The pharmaceutical industry is now threatening to jettison the reform bill if Democrats decide to roll back the legislation's 12-year exclusivity period for biologic drugs, as Obama is pushing for in the final negotiations. The Wall Street Journal quotes a letter that PhRMA president Billy Tauzin sent out to the trade groups members:   

“Mr. Waxman is pushing hard, with the support of the President, to drop our 12-year FOB period down,” wrote Tauzin, referring to Rep. Henry Waxman, chairman of the Energy and Commerce Committee. “We are all letting everyone we know hear that we could not support the bill if this happens. Please activate immediately all of your contacts. Billy.”

The 12-year protection against generic competition had been a victory for the biologics arm of Big Pharma, who enlisted the support of Democratic legislators from states where the industry has made inroads. Industry lobbyists have argued that the drugs--which are made from living organisms and are being increasingly included in cancer treatments--cost many times more than conventional medicines to research and develop. But even the Federal Trade Commission has deemed that the 12-year provision is too long and could hurt consumers, prompting liberals like Waxman and Sherrod Brown to lobby for a much shorter 5-year window.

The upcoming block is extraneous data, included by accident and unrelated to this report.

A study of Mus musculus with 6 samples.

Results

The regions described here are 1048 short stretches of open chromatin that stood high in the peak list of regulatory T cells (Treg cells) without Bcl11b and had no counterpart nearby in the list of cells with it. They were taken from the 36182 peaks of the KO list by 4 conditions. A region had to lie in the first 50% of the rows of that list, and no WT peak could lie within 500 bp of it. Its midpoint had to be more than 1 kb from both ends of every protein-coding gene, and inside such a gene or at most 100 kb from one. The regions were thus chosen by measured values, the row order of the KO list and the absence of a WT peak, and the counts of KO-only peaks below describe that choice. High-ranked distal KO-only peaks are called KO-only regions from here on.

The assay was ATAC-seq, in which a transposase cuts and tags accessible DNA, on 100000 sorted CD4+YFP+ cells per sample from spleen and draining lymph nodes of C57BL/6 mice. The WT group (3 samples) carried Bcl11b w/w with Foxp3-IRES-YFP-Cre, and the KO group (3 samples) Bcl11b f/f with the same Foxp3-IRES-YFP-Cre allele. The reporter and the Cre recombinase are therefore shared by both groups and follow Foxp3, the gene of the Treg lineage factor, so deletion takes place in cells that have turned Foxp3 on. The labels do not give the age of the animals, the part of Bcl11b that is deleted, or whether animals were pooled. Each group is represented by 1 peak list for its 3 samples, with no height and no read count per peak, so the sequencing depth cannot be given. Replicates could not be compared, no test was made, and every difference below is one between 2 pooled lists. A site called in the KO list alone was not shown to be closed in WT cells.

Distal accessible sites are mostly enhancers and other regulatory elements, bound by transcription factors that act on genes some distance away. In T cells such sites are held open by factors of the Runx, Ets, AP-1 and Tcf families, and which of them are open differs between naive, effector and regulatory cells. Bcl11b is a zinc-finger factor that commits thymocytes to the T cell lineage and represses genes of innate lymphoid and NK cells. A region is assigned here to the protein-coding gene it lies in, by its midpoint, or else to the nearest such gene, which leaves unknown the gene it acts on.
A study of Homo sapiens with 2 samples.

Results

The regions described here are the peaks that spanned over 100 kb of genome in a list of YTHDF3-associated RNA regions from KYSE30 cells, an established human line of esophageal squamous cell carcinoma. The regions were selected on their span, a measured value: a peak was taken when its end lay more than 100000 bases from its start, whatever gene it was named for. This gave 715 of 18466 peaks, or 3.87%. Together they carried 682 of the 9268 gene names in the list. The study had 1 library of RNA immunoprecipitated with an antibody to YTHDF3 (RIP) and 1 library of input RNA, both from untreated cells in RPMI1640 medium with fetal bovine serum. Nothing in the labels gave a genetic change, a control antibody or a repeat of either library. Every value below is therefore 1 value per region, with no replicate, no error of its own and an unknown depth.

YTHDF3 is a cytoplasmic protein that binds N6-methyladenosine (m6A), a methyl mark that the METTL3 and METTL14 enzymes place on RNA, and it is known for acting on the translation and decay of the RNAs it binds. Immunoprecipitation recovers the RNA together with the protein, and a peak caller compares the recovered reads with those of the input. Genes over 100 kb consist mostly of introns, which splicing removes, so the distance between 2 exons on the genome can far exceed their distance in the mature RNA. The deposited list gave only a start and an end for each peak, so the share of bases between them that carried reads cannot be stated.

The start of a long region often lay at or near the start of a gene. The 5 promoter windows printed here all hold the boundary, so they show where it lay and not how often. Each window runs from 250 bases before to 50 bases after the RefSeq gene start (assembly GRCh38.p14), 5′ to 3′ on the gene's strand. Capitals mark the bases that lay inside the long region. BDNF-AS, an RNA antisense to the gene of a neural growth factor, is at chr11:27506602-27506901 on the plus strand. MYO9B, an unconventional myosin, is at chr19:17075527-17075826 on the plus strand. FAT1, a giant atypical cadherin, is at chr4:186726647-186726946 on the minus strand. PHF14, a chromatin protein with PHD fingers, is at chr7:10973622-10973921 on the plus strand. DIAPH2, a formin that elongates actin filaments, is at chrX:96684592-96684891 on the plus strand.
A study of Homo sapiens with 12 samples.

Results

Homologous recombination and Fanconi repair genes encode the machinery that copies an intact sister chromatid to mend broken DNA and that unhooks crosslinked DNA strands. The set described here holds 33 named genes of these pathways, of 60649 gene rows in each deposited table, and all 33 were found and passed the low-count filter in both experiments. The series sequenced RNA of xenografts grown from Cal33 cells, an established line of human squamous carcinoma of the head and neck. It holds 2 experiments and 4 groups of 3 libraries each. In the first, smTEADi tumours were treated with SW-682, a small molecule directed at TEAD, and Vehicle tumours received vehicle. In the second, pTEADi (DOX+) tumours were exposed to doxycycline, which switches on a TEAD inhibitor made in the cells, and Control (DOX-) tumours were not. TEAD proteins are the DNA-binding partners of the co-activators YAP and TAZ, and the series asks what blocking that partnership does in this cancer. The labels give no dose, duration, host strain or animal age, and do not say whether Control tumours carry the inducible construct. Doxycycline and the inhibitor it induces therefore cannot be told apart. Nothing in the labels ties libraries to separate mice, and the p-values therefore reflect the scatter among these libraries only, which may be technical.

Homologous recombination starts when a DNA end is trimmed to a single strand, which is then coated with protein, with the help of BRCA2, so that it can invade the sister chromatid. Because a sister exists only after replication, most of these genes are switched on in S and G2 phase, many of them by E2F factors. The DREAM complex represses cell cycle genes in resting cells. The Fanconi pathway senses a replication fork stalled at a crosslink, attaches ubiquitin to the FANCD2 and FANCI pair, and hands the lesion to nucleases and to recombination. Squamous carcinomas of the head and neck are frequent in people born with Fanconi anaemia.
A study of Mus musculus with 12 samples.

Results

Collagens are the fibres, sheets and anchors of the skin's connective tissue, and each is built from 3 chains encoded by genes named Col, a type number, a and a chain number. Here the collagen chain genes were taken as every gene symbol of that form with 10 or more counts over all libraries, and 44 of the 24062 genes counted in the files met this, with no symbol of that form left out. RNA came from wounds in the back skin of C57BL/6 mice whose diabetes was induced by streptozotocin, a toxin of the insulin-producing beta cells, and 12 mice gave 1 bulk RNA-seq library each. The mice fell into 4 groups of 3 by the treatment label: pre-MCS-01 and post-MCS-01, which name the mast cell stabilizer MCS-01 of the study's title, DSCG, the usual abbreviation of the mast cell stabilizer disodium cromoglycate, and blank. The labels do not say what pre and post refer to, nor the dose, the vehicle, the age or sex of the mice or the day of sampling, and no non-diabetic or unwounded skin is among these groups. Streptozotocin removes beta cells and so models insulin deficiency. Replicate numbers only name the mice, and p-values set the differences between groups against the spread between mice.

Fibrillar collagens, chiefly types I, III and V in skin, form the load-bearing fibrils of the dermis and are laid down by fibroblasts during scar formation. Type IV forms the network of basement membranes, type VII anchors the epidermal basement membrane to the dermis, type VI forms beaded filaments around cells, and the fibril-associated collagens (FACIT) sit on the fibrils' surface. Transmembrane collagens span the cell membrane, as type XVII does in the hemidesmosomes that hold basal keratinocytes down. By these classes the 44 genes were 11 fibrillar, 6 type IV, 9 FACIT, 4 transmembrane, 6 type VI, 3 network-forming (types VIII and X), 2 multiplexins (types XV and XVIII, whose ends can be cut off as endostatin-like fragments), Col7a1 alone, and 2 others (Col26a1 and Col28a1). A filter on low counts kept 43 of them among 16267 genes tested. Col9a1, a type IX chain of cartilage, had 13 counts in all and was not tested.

Obama's pushback against biologic exclusivity comes on the heels of the news that the Democratic leaders were planning to ask for $10 billion more from the industry, on top of the $80 billion deal it made with the White House and Baucus. As I wrote yesterday, such a figure is still light years away from the $150 billion that the House bill forces the industry to put on the table. And perhaps Obama is doing just that with his push to narrow the exclusivity window. Though it's still unclear exactly how far the leadership will go to close the window--Politico floated 10 years as one possibility--there huge money to be found in generic competition, as Ezra notes, potentially saving some $378 billion over two decades.